Danny Chu, MD, FACS
University of Pittsburgh Department of Cardiothoracic Surgery/UPMC Heart and Vascular Institute, Pittsburgh, Pennsylvania, USA
Dr. Chu is a graduate of Tuft’s University School of Medicine in Boston, Massachusetts (MD). He completed his general surgery residency and a postgraduate research fellowship at the University of California, San Diego (UCSD) Medical Center, followed by a thoracic surgery residency at Baylor College of Medicine in Houston, Texas.
Dr. Chu served Assistant Professor of Surgery (tenure-track) at Baylor College of Medicine from 2006 to 2012. He was appointed Associate Chief of Cardiothoracic Surgery at the Michael E. DeBakey Veterans Affairs Medical Center in 2009, while maintaining attending staff surgeon privileges at several hospitals in the Houston area.
Dr. Chu was recruited to join the University of Pittsburgh in 2012. He is currently an Associate Professor of Cardiothoracic Surgery in the tenure stream. Dr. Chu currently serves as Director of Cardiac Surgery at the Veterans Affairs Pittsburgh Healthcare System, as well as maintaining attending staff cardiac surgeon privileges at UPMC Presbyterian, UPMC Mercy, and UPMC Passavant.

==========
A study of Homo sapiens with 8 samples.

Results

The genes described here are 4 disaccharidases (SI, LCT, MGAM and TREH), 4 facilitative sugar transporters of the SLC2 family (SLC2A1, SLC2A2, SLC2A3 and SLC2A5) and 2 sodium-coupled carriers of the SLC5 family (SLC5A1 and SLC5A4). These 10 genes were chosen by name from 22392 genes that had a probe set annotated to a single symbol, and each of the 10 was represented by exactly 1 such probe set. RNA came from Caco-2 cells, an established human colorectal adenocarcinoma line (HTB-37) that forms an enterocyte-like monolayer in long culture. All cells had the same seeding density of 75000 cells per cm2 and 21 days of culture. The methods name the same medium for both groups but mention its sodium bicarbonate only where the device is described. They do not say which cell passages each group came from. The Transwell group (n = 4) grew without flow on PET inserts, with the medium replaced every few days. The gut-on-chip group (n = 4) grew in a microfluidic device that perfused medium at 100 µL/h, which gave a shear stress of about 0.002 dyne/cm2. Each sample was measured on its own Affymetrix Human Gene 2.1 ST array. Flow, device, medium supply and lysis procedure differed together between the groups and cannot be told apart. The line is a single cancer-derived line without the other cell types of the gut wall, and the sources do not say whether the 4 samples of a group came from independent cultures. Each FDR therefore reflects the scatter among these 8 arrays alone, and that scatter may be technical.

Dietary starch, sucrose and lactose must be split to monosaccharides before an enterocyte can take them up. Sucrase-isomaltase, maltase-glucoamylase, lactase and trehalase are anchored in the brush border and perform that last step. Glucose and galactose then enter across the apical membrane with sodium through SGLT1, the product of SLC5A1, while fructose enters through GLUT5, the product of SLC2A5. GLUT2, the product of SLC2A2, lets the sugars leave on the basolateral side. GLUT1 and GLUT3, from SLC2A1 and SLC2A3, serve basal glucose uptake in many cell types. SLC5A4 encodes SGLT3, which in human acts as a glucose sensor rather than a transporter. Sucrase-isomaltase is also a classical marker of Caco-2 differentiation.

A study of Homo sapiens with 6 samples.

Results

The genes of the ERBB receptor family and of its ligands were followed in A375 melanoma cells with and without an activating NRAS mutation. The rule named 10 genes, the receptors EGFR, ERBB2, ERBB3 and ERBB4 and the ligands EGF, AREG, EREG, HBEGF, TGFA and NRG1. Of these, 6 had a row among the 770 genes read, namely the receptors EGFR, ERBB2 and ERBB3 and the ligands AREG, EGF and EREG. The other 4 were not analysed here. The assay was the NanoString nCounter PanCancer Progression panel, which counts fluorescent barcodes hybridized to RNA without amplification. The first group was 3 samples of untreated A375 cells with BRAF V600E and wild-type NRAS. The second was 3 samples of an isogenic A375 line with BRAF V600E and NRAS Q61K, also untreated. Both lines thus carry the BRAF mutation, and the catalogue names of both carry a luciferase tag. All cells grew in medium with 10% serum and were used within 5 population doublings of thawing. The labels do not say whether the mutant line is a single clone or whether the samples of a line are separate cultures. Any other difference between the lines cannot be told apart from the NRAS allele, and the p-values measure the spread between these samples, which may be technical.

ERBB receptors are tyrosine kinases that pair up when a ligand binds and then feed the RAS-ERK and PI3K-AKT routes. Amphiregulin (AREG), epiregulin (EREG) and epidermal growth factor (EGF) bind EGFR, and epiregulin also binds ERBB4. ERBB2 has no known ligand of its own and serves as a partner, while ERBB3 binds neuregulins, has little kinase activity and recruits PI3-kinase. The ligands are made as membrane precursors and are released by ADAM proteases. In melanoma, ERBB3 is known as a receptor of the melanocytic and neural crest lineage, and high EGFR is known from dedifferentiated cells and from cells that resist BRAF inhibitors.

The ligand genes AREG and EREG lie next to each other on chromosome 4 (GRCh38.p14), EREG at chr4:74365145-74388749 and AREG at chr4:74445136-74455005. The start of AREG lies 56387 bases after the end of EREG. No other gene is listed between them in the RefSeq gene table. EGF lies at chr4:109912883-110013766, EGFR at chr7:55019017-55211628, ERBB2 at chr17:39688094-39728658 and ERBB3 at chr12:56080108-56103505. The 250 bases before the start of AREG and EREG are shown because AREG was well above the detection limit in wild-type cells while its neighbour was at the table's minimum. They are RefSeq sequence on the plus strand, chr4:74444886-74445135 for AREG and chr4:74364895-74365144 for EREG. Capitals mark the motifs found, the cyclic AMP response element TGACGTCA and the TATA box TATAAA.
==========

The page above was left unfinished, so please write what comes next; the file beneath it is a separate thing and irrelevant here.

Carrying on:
Dr. Chu is a member of prominent editorial boards for the Journal of American Medical Association (JAMA) Surgery as well as the American Journal of Cardiology, amongst numerous others. He is a fellow of the American College of Surgeons and a member of the Society of Thoracic Surgeons. His budding academic career includes a total of 55 peer-reviewed manuscript publications, along with several invited book chapters and abstracts. Additionally, Dr. Chu has been dedicated to teaching activities and mentoring of residents at all of the institutions he has been involved with.Dr. Chu’s research interests include outcomes research, health services research, telemedicine and information technology, gene therapy for cardiovascular diseases, etiology and prevention of postoperative atrial fibrillation, biology of saphenous vein graft patency, and perioperative stroke prevention in cardiac surgery.